Sunday, June 12, 2011

Social Media aka Internet Time Suck

So I did it.  I signed up for Facebook against my better judgment and friended most everyone I could think of off the top of my head, without opening it up to the entire universe.  Unfortunately I said I liked Lady Gaga and now I have fifteen posts on my wall with that horrible album cover…I gotta get that off there.  I also have numerous messages about FB games I don’t want to play.  The whole experience left me somewhat uneasy without really knowing why.  It’s just so…surreal.  I guess I find myself longing for the simple human connection of plain old e-mail.  Some of you may remember me sending you real, handwritten letters years ago; that’s what e-mail is to me-personal. 

I also went back to Twitter, which I’m actually enjoying more than FB.  It’s kinda fun, like haiku, like sending out tiny messages in a bottle to see what comes back.  There’s some pearls there.

And then there’s Youtube –ugh.  Suzann, who’s working on the book trailer for me, said it would be easiest if I got a Youtube account so she can upload it there and I can view it in draft.  So I go to Youtube and try to set up an account, but it says I have to have a Google account too.  When I try to set that up, nothing happens.  It’s really frustrating for a non-techie, lemme tell ya.  As Scarlet always said, I’ll think about that tomorrow.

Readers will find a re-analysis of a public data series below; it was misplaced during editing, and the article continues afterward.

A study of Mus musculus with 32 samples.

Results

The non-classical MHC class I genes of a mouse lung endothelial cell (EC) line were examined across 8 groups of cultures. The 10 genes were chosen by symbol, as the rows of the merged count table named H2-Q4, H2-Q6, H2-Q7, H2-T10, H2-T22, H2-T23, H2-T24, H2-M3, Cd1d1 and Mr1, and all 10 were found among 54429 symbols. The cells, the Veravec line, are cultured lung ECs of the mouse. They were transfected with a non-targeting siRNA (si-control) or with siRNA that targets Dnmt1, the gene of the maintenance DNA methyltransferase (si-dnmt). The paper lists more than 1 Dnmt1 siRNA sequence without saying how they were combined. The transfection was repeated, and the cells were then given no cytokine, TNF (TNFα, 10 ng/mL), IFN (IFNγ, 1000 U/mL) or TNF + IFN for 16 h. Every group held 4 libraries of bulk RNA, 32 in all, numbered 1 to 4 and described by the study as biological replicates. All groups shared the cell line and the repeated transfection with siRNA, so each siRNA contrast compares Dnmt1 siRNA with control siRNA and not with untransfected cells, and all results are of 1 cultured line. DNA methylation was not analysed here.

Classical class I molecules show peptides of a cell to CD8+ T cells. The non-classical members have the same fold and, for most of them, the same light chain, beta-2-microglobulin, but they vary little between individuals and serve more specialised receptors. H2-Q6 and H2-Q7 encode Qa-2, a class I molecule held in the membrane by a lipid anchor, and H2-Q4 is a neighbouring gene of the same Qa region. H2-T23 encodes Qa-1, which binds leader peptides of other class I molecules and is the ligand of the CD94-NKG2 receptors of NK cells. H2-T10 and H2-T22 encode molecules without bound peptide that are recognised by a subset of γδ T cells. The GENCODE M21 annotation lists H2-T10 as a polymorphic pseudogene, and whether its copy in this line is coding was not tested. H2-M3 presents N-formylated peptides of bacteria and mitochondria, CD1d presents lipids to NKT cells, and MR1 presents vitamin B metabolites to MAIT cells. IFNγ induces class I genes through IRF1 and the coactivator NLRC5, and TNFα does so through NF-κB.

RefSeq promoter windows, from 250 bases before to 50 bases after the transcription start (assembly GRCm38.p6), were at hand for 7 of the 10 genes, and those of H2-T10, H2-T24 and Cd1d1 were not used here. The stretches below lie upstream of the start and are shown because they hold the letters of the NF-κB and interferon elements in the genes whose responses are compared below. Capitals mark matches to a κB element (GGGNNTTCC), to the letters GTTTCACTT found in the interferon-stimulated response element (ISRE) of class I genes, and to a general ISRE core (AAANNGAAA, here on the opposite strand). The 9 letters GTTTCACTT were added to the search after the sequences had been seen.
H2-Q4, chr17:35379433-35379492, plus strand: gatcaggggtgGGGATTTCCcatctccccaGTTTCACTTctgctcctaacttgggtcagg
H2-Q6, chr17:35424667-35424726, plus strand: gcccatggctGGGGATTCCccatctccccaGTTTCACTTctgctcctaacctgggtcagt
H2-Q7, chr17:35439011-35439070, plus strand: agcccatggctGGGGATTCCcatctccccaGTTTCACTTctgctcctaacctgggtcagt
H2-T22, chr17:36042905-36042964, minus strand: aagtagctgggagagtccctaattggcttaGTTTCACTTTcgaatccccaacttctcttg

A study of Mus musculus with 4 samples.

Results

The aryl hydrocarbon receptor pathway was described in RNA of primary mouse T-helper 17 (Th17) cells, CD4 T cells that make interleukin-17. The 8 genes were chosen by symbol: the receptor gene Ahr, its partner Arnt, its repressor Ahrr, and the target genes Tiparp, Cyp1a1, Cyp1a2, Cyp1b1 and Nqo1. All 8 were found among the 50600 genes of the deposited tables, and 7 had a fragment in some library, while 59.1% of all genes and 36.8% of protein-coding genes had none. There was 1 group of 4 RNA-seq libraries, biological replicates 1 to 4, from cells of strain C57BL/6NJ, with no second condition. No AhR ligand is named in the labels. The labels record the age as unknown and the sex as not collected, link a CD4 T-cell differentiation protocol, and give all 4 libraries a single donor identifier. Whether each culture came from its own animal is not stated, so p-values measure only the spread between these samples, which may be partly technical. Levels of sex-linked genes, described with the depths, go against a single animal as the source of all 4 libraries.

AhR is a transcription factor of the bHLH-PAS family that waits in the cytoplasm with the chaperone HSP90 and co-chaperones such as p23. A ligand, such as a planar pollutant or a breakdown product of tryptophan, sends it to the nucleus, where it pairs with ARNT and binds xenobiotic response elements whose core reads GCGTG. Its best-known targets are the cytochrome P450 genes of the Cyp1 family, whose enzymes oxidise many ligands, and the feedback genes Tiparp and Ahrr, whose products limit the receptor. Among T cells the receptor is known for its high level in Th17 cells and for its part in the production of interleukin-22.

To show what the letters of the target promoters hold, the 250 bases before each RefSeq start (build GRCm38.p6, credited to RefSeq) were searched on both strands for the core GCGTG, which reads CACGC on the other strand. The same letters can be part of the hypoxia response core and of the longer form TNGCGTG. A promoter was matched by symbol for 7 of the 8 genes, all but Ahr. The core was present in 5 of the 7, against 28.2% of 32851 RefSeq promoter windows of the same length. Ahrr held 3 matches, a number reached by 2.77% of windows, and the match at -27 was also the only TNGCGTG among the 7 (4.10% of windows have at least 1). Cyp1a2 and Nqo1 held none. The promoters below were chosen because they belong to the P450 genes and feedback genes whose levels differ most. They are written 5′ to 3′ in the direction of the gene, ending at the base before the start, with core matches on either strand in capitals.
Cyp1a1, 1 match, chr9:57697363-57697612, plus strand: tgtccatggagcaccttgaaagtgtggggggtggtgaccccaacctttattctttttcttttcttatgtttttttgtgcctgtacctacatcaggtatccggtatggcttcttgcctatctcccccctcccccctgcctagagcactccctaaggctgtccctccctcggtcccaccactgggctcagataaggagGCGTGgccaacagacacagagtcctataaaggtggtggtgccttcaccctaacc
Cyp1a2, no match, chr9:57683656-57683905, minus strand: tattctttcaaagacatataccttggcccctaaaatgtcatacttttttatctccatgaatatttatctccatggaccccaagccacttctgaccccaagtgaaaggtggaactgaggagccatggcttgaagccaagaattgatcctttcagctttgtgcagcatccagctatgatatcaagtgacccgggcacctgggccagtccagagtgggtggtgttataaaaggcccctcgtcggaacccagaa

Despite all that, I’ve had a lot of fun with the trailer ideas, hunting down the photos, the music, etc.  I’m really excited to see how it turns out. The only real downside to all this is the amazing amount of time I seem to be spending online – the reason I’ve always avoided this stuff in the past.  Very little actual writing is getting done right now.  I console myself with the notion that this is “work” that will pay off in time.  My current work in progress is now a complete first draft and I’m letting it sit for awhile, so it’s all good, right?  When the edits come back on Storyteller, I’ll get right on it.  I promise.

And to answer Chris’ question about Smashwords in a nutshell, it’s cheap and easy, or at least it appears to be.  I looked at Lulu once, but the price scared me off.  Amazon confused me.  Smashwords makes sense to me.  They take your file, translate it into multiple types of e-reader files and distribute those files to multiple sales outlets for free.  They take a small percentage of each sale in exchange, much less than a traditional publisher.  This article explains it better than I can  Of course, I’m not committed yet, so if you know of something better, I’m all ears.